Tax competition and the creation of redundant products
AbstractThere are products that are assembled from kits but that, once assembled, are identical to other products. An example is the roll-your-own cigarette. Because the kit requires time to assemble, it is more costly than the assembled product; in the absence of tax competition, the kit is not bought or is `redundant.' I show that tax competition between regions supports strategies that tax the `redundant' product at a lower tax rate than its assembled counterpart, and it is bought. A welfare loss is thereby created.
Download InfoIf you experience problems downloading a file, check if you have the proper application to view it first. In case of further problems read the IDEAS help page. Note that these files are not on the IDEAS site. Please be patient as the files may be large.
As the access to this document is restricted, you may want to look for a different version under "Related research" (further below) or search for a different version of it.
Bibliographic InfoArticle provided by Canadian Economics Association in its journal Canadian Journal of Economics.
Volume (Year): 40 (2007)
Issue (Month): 4 (November)
Contact details of provider:
Postal: Canadian Economics Association Prof. Steven Ambler, Secretary-Treasurer c/o Olivier Lebert, CEA/CJE/CPP Office C.P. 35006, 1221 Fleury Est Montréal, Québec, Canada H2C 3K4
Web page: http://economics.ca/cje/
More information through EDIRC
Find related papers by JEL classification:
- H71 - Public Economics - - State and Local Government; Intergovernmental Relations - - - State and Local Taxation, Subsidies, and Revenue
You can help add them by filling out this form.
CitEc Project, subscribe to its RSS feed for this item.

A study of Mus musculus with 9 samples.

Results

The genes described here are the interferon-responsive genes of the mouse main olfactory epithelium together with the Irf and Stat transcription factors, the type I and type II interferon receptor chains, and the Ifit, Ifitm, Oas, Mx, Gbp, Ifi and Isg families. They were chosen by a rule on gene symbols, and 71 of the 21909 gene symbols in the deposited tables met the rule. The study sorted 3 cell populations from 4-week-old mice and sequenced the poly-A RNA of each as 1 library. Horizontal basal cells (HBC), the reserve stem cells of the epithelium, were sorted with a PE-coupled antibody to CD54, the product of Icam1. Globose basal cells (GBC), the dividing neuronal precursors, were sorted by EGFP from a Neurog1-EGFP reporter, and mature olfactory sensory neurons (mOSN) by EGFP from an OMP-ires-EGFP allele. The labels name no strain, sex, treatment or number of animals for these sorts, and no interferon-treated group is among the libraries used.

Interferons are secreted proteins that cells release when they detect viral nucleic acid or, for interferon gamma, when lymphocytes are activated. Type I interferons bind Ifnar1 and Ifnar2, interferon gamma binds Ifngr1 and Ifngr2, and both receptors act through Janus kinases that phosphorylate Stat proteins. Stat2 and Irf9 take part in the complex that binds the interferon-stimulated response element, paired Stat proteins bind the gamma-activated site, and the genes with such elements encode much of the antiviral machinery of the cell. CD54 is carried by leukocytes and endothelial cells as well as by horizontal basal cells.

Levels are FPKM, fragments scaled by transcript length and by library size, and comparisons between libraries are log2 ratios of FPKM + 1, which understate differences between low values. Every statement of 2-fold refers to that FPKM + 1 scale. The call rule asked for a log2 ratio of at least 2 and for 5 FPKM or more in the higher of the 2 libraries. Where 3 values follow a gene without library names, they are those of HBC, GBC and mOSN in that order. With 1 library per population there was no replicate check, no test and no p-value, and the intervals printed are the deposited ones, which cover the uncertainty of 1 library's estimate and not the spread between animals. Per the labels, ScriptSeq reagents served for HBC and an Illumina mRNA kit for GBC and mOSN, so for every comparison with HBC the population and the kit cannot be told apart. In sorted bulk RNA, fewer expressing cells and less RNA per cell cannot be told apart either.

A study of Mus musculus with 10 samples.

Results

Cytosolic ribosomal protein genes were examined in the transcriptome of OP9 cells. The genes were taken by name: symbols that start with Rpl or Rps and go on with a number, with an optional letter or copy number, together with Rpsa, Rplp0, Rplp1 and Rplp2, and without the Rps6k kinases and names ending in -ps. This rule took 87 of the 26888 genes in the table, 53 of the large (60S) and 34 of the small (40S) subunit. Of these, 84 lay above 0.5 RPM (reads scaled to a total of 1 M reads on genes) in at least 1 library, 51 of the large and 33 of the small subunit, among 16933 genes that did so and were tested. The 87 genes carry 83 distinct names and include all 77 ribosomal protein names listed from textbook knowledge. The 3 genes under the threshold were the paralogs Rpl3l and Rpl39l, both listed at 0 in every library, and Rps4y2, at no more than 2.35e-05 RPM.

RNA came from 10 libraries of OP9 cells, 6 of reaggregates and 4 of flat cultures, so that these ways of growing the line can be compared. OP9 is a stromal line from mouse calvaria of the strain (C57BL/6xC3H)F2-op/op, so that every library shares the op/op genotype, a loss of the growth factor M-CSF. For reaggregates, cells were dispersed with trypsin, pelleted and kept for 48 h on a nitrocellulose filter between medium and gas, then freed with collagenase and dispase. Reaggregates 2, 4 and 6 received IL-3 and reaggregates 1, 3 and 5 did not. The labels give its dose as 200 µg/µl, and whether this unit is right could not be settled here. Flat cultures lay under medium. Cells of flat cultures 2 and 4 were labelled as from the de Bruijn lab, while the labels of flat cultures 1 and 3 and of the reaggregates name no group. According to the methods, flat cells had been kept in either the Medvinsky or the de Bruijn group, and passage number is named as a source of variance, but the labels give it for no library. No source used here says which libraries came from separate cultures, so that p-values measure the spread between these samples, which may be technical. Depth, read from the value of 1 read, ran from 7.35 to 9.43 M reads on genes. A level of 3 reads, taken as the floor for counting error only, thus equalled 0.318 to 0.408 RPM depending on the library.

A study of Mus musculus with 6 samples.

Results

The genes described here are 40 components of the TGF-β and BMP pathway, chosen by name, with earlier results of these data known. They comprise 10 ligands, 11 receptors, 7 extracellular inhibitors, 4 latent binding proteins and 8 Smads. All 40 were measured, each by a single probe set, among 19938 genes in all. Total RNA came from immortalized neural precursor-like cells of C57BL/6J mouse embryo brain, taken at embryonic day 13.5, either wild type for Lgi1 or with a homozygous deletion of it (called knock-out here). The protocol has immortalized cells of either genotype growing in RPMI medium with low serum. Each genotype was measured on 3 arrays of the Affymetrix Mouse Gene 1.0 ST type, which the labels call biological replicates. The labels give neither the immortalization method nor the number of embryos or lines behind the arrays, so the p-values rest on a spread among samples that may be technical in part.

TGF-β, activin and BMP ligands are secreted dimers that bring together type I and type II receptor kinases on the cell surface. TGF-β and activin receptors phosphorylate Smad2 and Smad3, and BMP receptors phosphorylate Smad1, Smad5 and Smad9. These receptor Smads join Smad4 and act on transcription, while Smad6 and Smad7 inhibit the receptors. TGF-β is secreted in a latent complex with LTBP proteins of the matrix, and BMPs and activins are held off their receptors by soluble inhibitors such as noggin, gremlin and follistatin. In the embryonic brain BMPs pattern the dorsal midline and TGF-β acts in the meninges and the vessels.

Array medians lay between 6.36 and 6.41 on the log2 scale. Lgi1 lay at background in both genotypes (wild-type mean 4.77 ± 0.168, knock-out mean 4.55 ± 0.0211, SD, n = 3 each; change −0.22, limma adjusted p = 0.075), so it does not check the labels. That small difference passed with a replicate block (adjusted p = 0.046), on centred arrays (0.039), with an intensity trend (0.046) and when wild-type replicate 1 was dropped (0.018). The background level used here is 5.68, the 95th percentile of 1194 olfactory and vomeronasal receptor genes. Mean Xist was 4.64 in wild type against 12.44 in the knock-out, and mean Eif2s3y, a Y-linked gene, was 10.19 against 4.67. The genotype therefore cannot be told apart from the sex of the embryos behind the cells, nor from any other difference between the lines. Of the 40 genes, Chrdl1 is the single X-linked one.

- Ian Irvine & William Sims, 2012. "A Taxing Dilemma: Assessing the Impact of Tax and Price Changes on the Tobacco Market," C.D. Howe Institute Commentary, C.D. Howe Institute, issue 350, May.
- Charles A.M. de Bartolome & Ian J. Irvine, 2010. "The Economics of Smoking Bans," Working Papers 201027, Geary Institute, University College Dublin.
For technical questions regarding this item, or to correct its authors, title, abstract, bibliographic or download information, contact: (Prof. Werner Antweiler).
If you have authored this item and are not yet registered with RePEc, we encourage you to do it here. This allows to link your profile to this item. It also allows you to accept potential citations to this item that we are uncertain about.
If references are entirely missing, you can add them using this form.
If the full references list an item that is present in RePEc, but the system did not link to it, you can help with this form.
If you know of missing items citing this one, you can help us creating those links by adding the relevant references in the same way as above, for each refering item. If you are a registered author of this item, you may also want to check the "citations" tab in your profile, as there may be some citations waiting for confirmation.
Please note that corrections may take a couple of weeks to filter through the various RePEc services.